In the fall of 1996, Carmichael found a listing in the phone book for Sacred Heart Tattoo. After calling, he drove to the second-story shop in Little Five Points. It had been 23 years since Carmichael tattooed his forearms in Augusta. In the interim, he'd only been tattooed once.
In 1984, Carmichael had been inspired after producing a segment for Channel 5 about the popularity of tattoo art. The segment was shot at Ace Tattoo and focused on Painless Paul and his shop. The tattoo that Nelson gave Carmichael was a blue, green and orange braid on his left ring finger - a tattoo easily concealed by his wedding band. It was small - but enough to sustain his desire.
More than a decade later, Carmichael would spend an hour hanging out at Sacred Heart talking to an artist named Colette Thompson about his next tattoo. Carmichael studied Thompson's books, checking out dozens of Polaroids of past customers - their tattoos still red and swollen in the pictures.
Thompson, who specializes in intricate color work, is part of a trend in tattoo art that has seen shop owners morph from self-taught bikers to art school graduates (or, in many cases, art school dropouts). She grew up in the Philadelphia suburbs and was educated at Parsons School of Design in Manhattan, the University of Pennsylvania Academy of Fine Arts, and the Atlanta College of Art.
She was 23 years old when she took an apprenticeship with "Whirlwind" Walt Clark at Tornado Tattoo on Highland Avenue, starting out in a position she calls "shop bitch" - sweeping the floor, cleaning the glass, sterilizing the tubes and making the needles.
A year-and-a-half later, Thompson left Tornado Tattoo to apprentice under Olivas at Sacred Heart. She paid $5,000 for the opportunity. After four months, Olivas hired her to work as an artist in his shop, and she stayed for a decade. (Thompson later would open Holy Mother Tattoo in Little Five Points.) She was at Sacred Heart the day Steve Carmichael decided to once again scratch his tattoo itch.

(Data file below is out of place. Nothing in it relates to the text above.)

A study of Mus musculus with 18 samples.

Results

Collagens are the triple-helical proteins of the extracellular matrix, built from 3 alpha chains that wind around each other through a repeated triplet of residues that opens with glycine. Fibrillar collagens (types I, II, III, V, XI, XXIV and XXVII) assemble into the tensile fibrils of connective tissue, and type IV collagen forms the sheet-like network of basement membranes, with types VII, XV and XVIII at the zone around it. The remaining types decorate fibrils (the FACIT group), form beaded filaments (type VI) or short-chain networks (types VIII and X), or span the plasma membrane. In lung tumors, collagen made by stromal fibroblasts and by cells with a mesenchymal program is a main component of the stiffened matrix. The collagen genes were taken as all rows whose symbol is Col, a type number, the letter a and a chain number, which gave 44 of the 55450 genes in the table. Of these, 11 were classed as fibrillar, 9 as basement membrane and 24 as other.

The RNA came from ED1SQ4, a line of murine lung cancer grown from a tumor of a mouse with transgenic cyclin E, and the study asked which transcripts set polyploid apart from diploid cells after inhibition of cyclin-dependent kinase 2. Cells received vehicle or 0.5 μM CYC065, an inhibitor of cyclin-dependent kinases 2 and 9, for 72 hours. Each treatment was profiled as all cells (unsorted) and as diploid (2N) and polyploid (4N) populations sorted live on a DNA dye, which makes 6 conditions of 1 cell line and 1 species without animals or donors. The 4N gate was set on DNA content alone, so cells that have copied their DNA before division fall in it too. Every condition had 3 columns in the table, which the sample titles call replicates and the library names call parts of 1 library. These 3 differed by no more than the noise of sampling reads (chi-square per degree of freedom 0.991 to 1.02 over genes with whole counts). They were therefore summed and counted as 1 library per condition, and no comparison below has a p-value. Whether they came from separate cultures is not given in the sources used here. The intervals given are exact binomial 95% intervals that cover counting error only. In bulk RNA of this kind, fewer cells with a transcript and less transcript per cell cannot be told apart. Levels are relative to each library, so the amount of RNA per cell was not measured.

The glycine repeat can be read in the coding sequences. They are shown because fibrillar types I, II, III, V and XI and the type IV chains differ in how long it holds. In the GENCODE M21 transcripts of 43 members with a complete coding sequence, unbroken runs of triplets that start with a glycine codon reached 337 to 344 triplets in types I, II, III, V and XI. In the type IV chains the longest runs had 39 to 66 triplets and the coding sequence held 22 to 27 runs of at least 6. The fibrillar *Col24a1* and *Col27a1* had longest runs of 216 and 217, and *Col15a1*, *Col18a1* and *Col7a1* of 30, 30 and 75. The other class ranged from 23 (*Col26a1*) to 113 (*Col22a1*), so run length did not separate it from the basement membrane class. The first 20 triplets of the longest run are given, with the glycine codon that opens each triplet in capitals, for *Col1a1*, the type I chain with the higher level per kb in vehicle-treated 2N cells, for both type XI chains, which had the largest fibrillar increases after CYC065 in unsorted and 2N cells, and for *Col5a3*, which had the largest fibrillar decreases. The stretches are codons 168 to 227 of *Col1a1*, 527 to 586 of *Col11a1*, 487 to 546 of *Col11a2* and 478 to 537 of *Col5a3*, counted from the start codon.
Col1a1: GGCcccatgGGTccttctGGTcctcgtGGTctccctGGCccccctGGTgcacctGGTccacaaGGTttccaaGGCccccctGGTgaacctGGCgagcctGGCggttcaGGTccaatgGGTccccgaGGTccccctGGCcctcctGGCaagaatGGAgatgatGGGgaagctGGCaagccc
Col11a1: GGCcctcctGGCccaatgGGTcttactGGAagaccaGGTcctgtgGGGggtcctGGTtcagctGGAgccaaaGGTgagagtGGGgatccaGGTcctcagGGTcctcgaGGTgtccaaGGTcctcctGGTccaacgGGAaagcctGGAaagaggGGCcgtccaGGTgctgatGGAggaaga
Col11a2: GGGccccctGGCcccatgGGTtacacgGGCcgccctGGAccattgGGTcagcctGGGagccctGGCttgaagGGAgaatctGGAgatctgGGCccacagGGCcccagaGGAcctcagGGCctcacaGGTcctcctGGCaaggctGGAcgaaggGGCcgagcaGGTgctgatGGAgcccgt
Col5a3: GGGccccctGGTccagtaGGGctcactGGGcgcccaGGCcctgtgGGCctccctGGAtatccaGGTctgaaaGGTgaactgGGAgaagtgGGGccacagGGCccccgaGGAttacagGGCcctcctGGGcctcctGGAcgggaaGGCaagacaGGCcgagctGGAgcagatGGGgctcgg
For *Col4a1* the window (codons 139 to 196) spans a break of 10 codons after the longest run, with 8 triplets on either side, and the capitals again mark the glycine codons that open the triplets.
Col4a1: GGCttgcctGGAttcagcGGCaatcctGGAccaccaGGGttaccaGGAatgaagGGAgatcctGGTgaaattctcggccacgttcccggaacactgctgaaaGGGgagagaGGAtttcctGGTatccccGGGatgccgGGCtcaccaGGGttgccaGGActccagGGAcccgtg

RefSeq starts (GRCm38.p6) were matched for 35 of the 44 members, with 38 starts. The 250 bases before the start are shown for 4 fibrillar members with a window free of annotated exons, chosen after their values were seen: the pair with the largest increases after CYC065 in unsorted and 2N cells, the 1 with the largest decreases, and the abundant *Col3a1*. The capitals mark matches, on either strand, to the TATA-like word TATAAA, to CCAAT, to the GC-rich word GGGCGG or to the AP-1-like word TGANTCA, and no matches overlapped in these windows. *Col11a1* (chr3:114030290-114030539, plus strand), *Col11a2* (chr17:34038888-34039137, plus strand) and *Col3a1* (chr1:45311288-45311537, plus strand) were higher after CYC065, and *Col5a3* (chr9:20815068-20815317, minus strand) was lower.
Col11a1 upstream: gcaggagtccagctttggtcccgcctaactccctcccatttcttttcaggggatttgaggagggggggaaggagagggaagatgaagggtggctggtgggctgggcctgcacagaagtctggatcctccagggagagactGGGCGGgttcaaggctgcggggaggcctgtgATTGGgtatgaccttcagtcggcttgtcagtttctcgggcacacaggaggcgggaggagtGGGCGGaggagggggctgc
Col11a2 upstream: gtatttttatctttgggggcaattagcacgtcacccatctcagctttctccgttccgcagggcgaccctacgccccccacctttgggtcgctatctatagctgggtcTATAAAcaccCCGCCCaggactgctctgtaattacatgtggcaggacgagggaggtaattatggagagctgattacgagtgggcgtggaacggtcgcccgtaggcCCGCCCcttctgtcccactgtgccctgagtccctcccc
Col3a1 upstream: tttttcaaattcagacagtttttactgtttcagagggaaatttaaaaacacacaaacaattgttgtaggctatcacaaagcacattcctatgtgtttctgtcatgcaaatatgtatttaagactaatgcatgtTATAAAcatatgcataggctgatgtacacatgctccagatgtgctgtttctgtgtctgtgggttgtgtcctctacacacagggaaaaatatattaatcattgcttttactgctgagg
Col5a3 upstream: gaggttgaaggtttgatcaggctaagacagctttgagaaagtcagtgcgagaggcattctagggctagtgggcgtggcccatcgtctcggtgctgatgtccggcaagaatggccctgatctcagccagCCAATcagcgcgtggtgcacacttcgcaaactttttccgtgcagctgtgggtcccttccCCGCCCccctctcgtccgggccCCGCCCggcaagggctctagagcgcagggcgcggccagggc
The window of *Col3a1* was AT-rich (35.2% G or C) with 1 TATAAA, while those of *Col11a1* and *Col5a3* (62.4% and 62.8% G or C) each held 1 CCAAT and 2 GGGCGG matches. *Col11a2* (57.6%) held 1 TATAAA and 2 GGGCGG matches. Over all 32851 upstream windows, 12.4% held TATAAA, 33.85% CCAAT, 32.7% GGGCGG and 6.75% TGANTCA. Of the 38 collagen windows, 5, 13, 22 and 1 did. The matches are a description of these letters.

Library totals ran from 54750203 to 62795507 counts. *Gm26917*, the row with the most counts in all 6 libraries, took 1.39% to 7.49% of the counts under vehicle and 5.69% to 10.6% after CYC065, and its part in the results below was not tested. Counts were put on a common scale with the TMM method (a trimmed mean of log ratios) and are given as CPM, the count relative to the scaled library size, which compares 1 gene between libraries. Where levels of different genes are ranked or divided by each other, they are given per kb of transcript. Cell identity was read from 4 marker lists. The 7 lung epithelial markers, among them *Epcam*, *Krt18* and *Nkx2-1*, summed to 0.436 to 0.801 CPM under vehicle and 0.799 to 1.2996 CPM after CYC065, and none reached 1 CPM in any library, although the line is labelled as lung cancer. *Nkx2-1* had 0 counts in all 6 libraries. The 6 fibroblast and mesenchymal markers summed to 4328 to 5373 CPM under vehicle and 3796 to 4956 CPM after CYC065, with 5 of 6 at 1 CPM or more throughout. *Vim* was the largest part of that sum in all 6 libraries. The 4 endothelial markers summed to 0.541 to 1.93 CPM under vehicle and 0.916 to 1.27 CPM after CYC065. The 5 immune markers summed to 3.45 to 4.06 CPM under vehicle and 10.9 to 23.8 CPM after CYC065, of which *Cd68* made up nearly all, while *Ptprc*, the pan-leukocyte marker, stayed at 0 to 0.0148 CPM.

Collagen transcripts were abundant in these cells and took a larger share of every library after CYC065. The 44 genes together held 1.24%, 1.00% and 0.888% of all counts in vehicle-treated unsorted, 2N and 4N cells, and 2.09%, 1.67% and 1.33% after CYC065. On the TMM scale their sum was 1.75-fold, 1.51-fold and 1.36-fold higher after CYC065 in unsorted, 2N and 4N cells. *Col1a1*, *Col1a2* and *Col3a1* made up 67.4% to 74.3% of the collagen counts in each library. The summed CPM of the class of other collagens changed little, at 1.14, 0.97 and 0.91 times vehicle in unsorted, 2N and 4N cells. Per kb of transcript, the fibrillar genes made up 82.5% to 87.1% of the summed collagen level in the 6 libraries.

Carmichael wound up leaving the shop with a blue spiral armband around his right bicep. It was the first of many tattoos Thompson would give Carmichael. Over the ensuing years, the two would find themselves alternately bickering and collaborating.
"My view is that, if you're in it for the long haul, you develop a relationship with an artist," Carmichael says. "When I'm ready for it and I have money, I'll call Colette and say, 'Why don't we do some more work on my chest?' Sometimes she will just take off with the needle and do whatever she wants to do. It's fun letting an artist have license to do what they want."
Carmichael soon would get both arms "sleeved," with ink covering all of the flesh from the wrist to the shoulder. By that point, there was no going back - though Carmichael did try.
His wife tolerated the armband tattoo, but the sleeves were hard to ignore. She asked him to consider having his tattoos removed. Though Carmichael loved his tattoos, he hated how much they bothered his family.
He searched Google for tattoo support groups but found nothing. Eventually, he set up an appointment with a surgeon to have his tattoos erased by laser.
"I agreed to have my tattoos removed just to create some peace at home," Carmichael says. "My wife didn't give me an ultimatum, but it meant a lot to her that I tried to have them removed."
But the laser treatments did not go well. Carmichael got large, itchy welts on his arms. He discontinued the treatments, and after several months the welts went away.
"I went back to Colette and she was furious," Carmichael recalls. "She said, 'You're messing with my work. I'm not going to redo what you've ruined.'"
After much pleading, Carmichael convinced Thompson to tattoo his arms again. And he returned to her, over and over, to get his back and chest done.
Dr. Charles Schuster, professor of psychiatry and behavioral studies at Wayne State University and the former director of the National Institute on Drug Abuse, thinks he has an explanation for Carmichael's obsession.Schuster explains that the body's response to pain, such as that of a tattoo needle's prick, is to self-medicate. So the brain signals the pituitary gland to release endorphins, which are a type of homegrown morphine. These endorphins cause some of the same pharmacological effects - euphoria, tingling and numbness - brought on by opiates. Schuster says individuals who might be mildly depressed could find relief in the mood-altering properties of endorphins released while getting tattooed.